Present address: UR 26 – Systèmes de culture bananes, plantains et ananas, Station de Neufchateau, Sainte Marie, 97130 Capesterre-Belle-Eau, Guadeloupe, France.
An overview of models of stomatal conductance at the leaf level
Article first published online: 2 JUN 2010
© 2010 Blackwell Publishing Ltd
Plant, Cell & Environment
Volume 33, Issue 9, pages 1419–1438, September 2010
How to Cite
DAMOUR, G., SIMONNEAU, T., COCHARD, H. and URBAN, L. (2010), An overview of models of stomatal conductance at the leaf level. Plant, Cell & Environment, 33: 1419–1438. doi: 10.1111/j.1365-3040.2010.02181.x
- Issue published online: 4 AUG 2010
- Article first published online: 2 JUN 2010
- Received 24 February 2010; received in revised form 6 May 2010; accepted for publication 10 May 2010
- abscissic acid;
- hydraulic conductance;
- hydrogen peroxide;
- water stress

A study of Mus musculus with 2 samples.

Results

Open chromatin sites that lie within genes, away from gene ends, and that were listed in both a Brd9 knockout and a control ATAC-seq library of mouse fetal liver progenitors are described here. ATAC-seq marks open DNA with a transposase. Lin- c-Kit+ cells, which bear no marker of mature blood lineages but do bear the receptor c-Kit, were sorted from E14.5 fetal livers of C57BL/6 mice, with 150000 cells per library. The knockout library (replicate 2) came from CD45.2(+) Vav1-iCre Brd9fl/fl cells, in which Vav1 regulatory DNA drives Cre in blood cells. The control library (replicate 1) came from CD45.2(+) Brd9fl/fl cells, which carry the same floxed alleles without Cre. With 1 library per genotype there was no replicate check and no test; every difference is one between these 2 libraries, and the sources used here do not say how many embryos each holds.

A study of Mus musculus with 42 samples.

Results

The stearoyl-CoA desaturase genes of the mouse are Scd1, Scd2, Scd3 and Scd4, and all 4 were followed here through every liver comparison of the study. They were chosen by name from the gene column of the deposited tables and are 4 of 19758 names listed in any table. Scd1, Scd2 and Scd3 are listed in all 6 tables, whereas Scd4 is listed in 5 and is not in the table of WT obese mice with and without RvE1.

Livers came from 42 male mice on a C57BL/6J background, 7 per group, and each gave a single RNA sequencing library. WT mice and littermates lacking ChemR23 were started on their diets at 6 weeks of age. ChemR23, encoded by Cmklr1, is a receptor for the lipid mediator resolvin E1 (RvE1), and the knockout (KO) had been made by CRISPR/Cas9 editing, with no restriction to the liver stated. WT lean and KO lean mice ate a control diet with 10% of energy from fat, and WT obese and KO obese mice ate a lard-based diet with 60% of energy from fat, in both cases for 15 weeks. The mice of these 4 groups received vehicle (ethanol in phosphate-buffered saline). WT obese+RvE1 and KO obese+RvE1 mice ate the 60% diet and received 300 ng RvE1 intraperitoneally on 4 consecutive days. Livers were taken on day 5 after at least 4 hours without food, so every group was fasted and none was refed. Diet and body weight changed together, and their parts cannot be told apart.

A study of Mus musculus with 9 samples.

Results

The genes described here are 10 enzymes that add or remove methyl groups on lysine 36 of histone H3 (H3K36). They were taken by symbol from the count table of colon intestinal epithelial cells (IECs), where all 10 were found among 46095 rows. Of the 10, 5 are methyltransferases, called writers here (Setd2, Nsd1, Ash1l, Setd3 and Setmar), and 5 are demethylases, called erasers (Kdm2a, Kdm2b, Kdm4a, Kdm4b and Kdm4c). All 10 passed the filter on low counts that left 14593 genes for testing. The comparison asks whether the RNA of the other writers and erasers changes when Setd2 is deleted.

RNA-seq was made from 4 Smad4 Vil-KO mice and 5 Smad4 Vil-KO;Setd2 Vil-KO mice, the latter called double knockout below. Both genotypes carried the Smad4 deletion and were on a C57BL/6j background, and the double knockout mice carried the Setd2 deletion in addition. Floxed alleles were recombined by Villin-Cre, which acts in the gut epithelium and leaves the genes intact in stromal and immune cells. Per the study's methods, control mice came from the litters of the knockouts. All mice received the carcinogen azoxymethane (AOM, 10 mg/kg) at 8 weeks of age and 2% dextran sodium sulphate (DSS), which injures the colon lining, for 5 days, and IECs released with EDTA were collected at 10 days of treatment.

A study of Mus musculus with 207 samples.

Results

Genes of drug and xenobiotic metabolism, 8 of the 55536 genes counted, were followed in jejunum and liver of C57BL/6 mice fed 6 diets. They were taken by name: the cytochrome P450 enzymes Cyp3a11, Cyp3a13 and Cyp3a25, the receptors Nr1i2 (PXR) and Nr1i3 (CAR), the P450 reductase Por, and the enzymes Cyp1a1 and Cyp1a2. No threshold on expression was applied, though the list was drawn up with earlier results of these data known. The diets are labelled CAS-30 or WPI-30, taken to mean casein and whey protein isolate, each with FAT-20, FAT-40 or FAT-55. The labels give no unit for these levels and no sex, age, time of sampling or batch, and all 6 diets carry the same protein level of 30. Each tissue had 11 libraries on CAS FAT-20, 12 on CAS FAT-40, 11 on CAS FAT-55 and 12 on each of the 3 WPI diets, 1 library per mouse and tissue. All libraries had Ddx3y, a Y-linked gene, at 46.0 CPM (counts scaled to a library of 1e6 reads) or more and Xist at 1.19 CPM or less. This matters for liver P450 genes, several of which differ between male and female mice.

Stomata play a key role in plant adaptation to changing environmental conditions as they control both water losses and CO2 uptake. Particularly, in the context of global change, simulations of the consequences of drought on crop plants are needed to design more efficient and water-saving cropping systems. However, most of the models of stomatal conductance (gs) developed at the leaf level link gs to environmental factors or net photosynthesis (Anet), but do not include satisfactorily the effects of drought, impairing our capacity to simulate plant functioning in conditions of limited water supply. The objective of this review was to draw an up-to-date picture of the gs models, from the empirical to the process-based ones, along with their mechanistic or deterministic bases. It focuses on models capable to account for multiple environmental influences with emphasis on drought conditions. We examine how models that have been proposed for well-watered conditions can be combined with those specifically designed to deal with drought conditions. Ideas for future improvements of gs models are discussed: the issue of co-regulation of gs and Anet; the roles of CO2, absissic acid and H2O2; and finally, how to better address the new challenges arising from the issue of global change.